Queensland was hit hard this week by a vicious tropical cyclone. And while there has been property damage, thankfully no one was seriously injured by Cyclone Debbie. Well, no one, unless you count this 1.5m long shark that was found dead yesterday near the floodwaters.
A dead shark found in Ayr, Queensland, Australia after Cyclone Debbie made landfall this week (Queensland Fire and Emergency Services Twitter)
The bull shark was found in a puddle in the town of Ayr, just north of where Cylcone Debbie made landfall. Queensland Fire and Emergency Services shared photos of the poor shark on Twitter, warning people to stay out of the flood waters that are currently swamping the area.
But nobody seems to want to call this what it is: A real life sharknado. The sharknado is, of course, when a cyclone that has become infested with sharks exacts destruction on a populated area. The rare phenomenon gained public attention after the 2013 documentary Sharknado.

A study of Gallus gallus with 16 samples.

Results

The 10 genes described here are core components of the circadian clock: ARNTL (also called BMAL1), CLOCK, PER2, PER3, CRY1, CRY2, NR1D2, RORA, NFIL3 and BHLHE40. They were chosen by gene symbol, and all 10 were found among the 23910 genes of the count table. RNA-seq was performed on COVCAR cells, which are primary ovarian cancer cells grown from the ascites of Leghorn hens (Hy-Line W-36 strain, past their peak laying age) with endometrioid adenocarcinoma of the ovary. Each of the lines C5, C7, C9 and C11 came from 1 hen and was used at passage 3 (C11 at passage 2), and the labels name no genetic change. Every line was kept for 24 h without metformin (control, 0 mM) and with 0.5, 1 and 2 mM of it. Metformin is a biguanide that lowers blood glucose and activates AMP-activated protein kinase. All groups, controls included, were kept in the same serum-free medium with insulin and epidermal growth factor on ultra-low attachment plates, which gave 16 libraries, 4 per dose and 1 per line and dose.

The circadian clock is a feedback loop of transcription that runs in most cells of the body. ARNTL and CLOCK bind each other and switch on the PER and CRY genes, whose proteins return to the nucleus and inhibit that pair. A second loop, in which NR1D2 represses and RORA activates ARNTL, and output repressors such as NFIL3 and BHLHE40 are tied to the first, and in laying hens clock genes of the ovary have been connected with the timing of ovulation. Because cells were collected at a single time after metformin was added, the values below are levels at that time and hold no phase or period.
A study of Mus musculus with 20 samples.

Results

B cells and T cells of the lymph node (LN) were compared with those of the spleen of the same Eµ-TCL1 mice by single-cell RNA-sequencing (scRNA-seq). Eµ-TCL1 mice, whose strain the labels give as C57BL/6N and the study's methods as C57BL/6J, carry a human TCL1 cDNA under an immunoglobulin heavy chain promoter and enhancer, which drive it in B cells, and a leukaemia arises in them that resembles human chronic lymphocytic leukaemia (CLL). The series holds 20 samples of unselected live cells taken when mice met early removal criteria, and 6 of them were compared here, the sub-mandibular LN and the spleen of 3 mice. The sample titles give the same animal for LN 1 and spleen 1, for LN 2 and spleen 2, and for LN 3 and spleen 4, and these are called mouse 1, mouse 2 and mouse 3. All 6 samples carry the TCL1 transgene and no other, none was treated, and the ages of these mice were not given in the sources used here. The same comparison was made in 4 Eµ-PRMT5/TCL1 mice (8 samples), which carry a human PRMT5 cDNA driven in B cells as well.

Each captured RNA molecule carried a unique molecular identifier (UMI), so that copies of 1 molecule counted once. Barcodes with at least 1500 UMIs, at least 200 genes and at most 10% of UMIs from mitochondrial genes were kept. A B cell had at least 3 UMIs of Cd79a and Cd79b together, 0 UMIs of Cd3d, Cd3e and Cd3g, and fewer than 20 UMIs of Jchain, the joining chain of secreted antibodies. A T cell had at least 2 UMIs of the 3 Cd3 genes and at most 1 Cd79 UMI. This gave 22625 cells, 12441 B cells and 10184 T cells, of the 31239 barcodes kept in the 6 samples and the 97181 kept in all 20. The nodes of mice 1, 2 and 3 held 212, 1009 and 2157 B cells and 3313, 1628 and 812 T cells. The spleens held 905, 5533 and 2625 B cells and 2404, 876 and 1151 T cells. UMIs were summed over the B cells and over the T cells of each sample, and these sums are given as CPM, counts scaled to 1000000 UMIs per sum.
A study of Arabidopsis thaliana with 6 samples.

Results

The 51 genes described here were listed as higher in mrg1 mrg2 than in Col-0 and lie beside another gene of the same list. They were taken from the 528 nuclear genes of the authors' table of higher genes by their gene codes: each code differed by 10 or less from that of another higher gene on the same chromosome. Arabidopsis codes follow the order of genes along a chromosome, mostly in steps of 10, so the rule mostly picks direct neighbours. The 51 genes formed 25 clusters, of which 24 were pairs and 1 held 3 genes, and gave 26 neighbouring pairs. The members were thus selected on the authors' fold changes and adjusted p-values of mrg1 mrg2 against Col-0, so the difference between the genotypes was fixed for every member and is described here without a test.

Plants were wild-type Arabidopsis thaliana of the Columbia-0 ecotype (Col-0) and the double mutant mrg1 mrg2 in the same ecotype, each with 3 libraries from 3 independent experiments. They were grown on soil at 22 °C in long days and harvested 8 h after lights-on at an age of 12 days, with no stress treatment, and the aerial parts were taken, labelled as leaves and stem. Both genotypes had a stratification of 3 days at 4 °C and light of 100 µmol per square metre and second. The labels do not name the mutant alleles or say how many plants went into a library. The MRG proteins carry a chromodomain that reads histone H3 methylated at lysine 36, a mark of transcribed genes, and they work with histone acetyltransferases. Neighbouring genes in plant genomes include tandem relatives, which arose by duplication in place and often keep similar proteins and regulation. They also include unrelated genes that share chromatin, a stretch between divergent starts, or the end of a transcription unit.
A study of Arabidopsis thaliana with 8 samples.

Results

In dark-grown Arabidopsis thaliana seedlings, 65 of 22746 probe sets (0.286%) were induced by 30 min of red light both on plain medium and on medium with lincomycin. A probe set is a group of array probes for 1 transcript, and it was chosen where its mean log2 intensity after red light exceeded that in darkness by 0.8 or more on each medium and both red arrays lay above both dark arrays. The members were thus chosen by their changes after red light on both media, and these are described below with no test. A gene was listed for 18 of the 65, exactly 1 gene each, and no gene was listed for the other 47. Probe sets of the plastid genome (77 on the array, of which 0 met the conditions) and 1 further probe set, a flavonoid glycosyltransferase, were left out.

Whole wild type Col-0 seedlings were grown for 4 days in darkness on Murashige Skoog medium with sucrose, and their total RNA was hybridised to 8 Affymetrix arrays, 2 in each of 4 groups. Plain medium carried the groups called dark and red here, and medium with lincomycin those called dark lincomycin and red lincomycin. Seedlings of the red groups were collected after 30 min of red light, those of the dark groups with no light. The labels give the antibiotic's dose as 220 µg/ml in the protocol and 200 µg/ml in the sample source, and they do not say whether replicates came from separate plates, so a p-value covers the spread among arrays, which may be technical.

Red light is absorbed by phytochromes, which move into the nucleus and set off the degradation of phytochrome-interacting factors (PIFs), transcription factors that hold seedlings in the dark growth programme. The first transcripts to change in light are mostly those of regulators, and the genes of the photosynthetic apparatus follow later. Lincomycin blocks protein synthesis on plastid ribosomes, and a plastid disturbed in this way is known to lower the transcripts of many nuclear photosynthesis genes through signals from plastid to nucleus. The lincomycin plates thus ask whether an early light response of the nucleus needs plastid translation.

— Qld Fire & Emergency (@QldFES) March 30, 2017
Heavy rains are continuing in the region and emergency crews are still performing rescue operations for people trapped in the flooding. The hardest hit areas of Queensland have seen over 38cm of rain and roughly 50,000 homes have been without power. As many as 400 schools will remain closed today.
Sharks and schools aside, Australians were perhaps most devastated when they learned that the chaos of Cyclone Debbie had caused the beloved XXXX Brewery to catch fire on Tuesday. But Australians have been told not to worry -- the fire won't affect the beer supply.
Which is good. Because after the flood water recedes everyone is going to need a drink to tell the story of where they were when a sharknado hit Australia. Because it did. This was a sharknado. Don't question science.